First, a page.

This exchange activity aimed to increase the capacity of local engineers and technicians to deal with electronic load controller operation and maintenance
ASOSIASI HIDRO BANDUNG (AHB)
09/2015 – 07/2016
Electronic Load Controllers (ELC) are a crucial component of micro-hydropower (MHP) systems. Whereas technicians trained in the maintenace of turbines, generators, transmission lines and other MHP system components tend to be available locally, technicians trained in the electronics of load controllers are often lacking. The Hydro Empowerment Network (HPNET) - a network of South and Southeast Asian MHP practitioners set up in 2013 with support from Wisions- sees this gap in skills as a key barrier to the sustainable operation of decentralised MHP sytems. This exchange activity strengthened the capacity for ELC-related trouble-shooting among South and Southeast Asian MHP technicians. The activity was based on a previous SEPS exchange activity in 2014, which created a baseline study on the state of the art and needs for MHP load controllers in seven different countries (India, Indonesia, Malaysia, Myanmar, Nepal, Pakistan and the Philippines).
The specific objectives of the exchange activity were to:
HPNET member Asosiasi Hidro Bandung (AHB) coordinated the work and together with Simple Engineering imparted the technical training. The target trainees were local engineers working in various community-based MHP projects of eleven HPNET member organisations, as well as a number of informally trained local technicians. Participants represented micro hydro programs in Indonesia (2 sub‐regions), India (2 sub‐regions), Malaysia, Myanmar (2 sub‐regions), Nepal, Pakistan, and the Philippines (2 sub‐regions).
The project as a whole spanned nine months and culminated in a 12-day training course in Bandung, Indonesia, which took place in early April 2016. The course included lectures, practical hands‐on sessions on assembly, installation and trouble‐shooting, a dialogue with suppliers, peer‐to‐peer discussions, a final exam, and a field visit. Except for plenary lectures, all activities were done in small groups. In addition to the pre‐set curriculum, each participant had a chance to focus on topics of their choice. This included evening sessions on programming devices for ELC integrated circuit chips, using the Arduino control board, and learning about the latest available sensors.
The course focused on matching the skills to the different levels of knowledge of participants, customising the contents as much as possible. At the end of each day, participants provided feedback and this was used to ensure the curriculum remained relevant for all. The trainee feedback also served to test and improve the course training materials, which were then adapted for use as self-learning tools and which were disseminated via HPNET member organizations. They will also be made available on the HPNET website.
Lastly, great focus was put on triggering the follow up local trainings that would take the knowledge learnt back to the projects in the field. At the time of reporting, participants from India, Myanmar, Pakistan, and the Philippines had either completed their first local training or had scheduled it for 2016. The participants from Malaysia and Indonesia, who already have MHP training centers, planned to incorporate ELC training into their curricula.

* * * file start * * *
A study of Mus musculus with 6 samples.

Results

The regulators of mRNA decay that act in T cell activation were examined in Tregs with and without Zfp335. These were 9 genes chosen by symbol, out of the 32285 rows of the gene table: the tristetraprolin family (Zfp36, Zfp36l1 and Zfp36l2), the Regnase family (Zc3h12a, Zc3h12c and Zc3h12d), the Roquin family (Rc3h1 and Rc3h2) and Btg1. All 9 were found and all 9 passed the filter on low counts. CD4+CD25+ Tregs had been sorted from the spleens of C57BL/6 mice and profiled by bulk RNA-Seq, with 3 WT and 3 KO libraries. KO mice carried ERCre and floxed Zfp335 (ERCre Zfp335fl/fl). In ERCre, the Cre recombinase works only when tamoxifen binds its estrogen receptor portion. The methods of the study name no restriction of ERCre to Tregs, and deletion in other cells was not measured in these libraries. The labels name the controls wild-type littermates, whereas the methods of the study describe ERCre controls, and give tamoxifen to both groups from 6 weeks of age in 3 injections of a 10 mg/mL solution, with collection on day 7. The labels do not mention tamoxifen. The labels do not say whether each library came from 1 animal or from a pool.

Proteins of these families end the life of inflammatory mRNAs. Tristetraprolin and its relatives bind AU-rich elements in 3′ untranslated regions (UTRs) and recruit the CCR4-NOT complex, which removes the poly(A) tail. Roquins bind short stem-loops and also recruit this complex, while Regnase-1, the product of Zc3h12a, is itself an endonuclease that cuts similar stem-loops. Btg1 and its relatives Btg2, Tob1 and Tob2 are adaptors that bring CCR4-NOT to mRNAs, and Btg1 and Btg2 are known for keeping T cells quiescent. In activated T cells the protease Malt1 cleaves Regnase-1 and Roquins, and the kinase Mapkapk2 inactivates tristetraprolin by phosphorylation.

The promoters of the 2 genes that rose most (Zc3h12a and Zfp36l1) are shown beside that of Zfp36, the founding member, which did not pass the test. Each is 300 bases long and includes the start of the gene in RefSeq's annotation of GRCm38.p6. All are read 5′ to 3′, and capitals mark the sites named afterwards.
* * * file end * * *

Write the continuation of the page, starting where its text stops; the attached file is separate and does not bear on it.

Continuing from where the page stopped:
The exchange was very productive and greatly increased the capacity of local technicians from HPNET member organizations and other community-based partner organisations to deal with ELC operation and maintenancein the context of community-based MHP systems. This will in turn increase the reliability of current and future MHP systems, reducing the rate of failures resulting from lack of skills related to ELCs.
Efforts were made within the exchange to develop a common tracking tool for HPNET members to monitor how ELC-related knowledge gaps change and what more can be done to address failures due to ELCs.
The appropriate selection of trainees and instructors was the determining factor for the success of the exchange. There was strong commitment and flexibility from the part of trainees and instructors participants felt free to ask questions and contribute with their own experience. Each trainee had his or her own strengths, helping to raise the level of knowledge of the entire group.
The project aimed to match the capacity building programme and the training tools to MHP practitioners of different backgrounds and levels of education. In the future the curriculum could be improved by splitting the participants into three groups, namely project engineers, local technicians, and community operators.
One major unexpected outcome of the activity was the valuable insights that were gathered from technicians to support the ongoing innovation efforts in the field of ELCs among the participating organisations. For example, it emerged that in Myanmar there is strong interest from both the government and the private sector to develop proprietary ELC and flow controllers. HPNET as a whole is geared towards developing an "open source“ controller, exploring inverter-based and micro‐processor based controllers. These and other aspects were object of discussion during the course of the exchange. The organisers would like to follow up on and support the participants' desire to jointly design and develop an open source ELC.
As a next step, HPNET will target other skill gaps that are currently slowing the difussion of MHP systems, be it among consumers, operators, engineers, or suppliers. Moreover it will create basic fact sheets for researchers, advocacy groups, and donors.